Food waste is a major issue around the globe, and that doesn't stop in New York City. Everyday, New Yorkers produce around 24,000 tons of waste, and around 20 percent of that is food. Now, the city's sanitation bureau is looking for solutions to mitigate the problem.
Last week, the N.Y.C. Department of Sanitation (DSNY)'s nonprofit arm, Foundation for New York’s Strongest, launched a micro-grant program to fund initiatives aimed at curbing food waste in businesses. DSNY already established a successful compost collection program, which keeps around 30 tons of food waste out of the landfill each day, but most of this waste comes from residents. Now the agency wants to bring similar benefits to businesses.
Earlier this year, the Foundation for New York’s Strongest held its inaugural N.Y.C. Food Waste Fair, which raised $100,000 in ticket sales and sponsorship. $50,000 of that will go to an incentive program for small local businesses to come up with food waste solutions.
The $50,000 will be given out in microgrants for as much as $2,000, which will go to individual small business applicants, or $5,000 if a group of businesses work together. The foundation hasn't set a total of initiatives it will to fund, but it hopes to see a variety of proposals.
“Examples of things we’d love to see include, but are not limited to: equipment for sorting, apps or other technologies for tracking waste, piloting food waste prevention in buffet areas (like signage, customer incentives/penalties and training), partnerships with community gardens or other businesses to develop a compost or food donation consortium,” Elizabeth Balkan, policy director at the DSNY commissioner’s office, told Fast Company.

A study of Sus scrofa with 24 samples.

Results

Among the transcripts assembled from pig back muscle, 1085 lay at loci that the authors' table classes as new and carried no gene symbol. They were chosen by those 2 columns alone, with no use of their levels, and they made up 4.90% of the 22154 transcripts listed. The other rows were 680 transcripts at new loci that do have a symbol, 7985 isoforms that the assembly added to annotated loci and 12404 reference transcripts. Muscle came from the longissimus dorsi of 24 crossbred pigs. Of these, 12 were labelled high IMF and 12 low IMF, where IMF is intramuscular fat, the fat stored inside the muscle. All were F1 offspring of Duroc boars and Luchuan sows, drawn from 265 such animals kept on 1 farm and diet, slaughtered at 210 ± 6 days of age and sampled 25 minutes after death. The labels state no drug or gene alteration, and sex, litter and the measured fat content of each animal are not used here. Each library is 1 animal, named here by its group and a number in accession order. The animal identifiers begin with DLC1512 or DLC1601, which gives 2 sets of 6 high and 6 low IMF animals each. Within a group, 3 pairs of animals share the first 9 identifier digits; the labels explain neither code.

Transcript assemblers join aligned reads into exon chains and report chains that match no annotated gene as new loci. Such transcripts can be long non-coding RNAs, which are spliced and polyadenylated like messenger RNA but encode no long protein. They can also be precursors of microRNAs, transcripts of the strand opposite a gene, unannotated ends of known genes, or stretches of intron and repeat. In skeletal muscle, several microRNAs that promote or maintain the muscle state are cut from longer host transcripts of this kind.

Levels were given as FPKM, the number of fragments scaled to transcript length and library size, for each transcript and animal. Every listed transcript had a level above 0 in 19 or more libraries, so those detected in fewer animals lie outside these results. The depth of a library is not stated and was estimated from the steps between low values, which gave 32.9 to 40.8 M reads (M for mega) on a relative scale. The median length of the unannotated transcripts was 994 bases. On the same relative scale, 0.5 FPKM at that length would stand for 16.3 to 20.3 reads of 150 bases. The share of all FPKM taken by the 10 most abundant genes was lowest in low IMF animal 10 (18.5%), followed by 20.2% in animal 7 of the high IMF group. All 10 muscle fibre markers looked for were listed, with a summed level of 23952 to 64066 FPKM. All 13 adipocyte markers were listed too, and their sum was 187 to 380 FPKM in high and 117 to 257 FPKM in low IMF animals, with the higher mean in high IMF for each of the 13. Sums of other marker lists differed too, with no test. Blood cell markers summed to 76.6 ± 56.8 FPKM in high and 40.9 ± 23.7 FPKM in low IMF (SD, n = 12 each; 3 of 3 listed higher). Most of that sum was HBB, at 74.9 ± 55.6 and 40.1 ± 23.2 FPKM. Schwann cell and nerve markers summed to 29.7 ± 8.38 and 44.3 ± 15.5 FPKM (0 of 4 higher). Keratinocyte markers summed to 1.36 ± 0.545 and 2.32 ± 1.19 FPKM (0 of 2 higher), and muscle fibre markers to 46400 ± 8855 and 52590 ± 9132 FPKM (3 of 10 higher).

According to Balkan, the biggest problem facing the eradication of food waste at a citywide level is the lack of collaboration and communication across agencies like DSNY, businesses and food waste experts. With that in mind, the grant program will also lay out a clear framework for diverse agencies and institutions to work together to create a comprehensive food waste strategy.
40% of food in the U.S. never gets eaten, and food is the single largest contributor to U.S. landfills. 😱 Meanwhile, 1 in 8 Americans lack a steady food supply. 🙍♀️ Two new reports and eight new case studies from @nrdc_org show how cities (and their citizens) can help address the dual problems of food waste and food insecurity. 🏙 Read the reports here: http://on.nrdc.org/2y6mfsY #SaveTheFood #Food #FoodWaste #EndFoodWaste #ZeroWaste #RescueFood #Reclaim
The agency is also working with other organizations that will offer funding and services to supplement the microgrants. For example, the New York State Pollution Prevention Institute, which runs through Rochester Institute of Technology, helps businesses manage waste and will bring experts in to help the chosen businesses perform waste audits, train staff and build waste-mitigation framework into the business as needed.
Kickstarter has also committed to matching some of the grants, and various N.Y.C. Food Waste Fair exhibitors will donate items to the recipients, including Renew Packaging, which makes organic collection bins or compostable products.
“It’s hard to pinpoint an exact amount, but we’re estimating that any business will be receiving funds and services totaling around $15,000,” Balkan told Fast Company.
The microgrant initiative is limited to New York City, but according to Balkan, representatives from the Los Angeles and London have contacted DSNY in hopes of bringing similar programs to their cities, leading to a potentially global change in the way our cities throw away food.
Customers in several states will be able to dine on this plant-based, vegan meat substitute.
Cado is the world's first ice cream created with a creamy avocado base. There's no dairy or nuts added, no artificial ingredients come along with the various flavors they offer, and the product is completely organic.
Dairy farms have seen a regression in profits with less people consuming milk, cheese, and yogurt. However, excess production doesn't have to be wasted, and a non-profit in Philadelphia has created a program that helps the farmers and the hungry.
These cooks are using compost, creative packaging, and inventive recipes to make their restaurants less wasteful.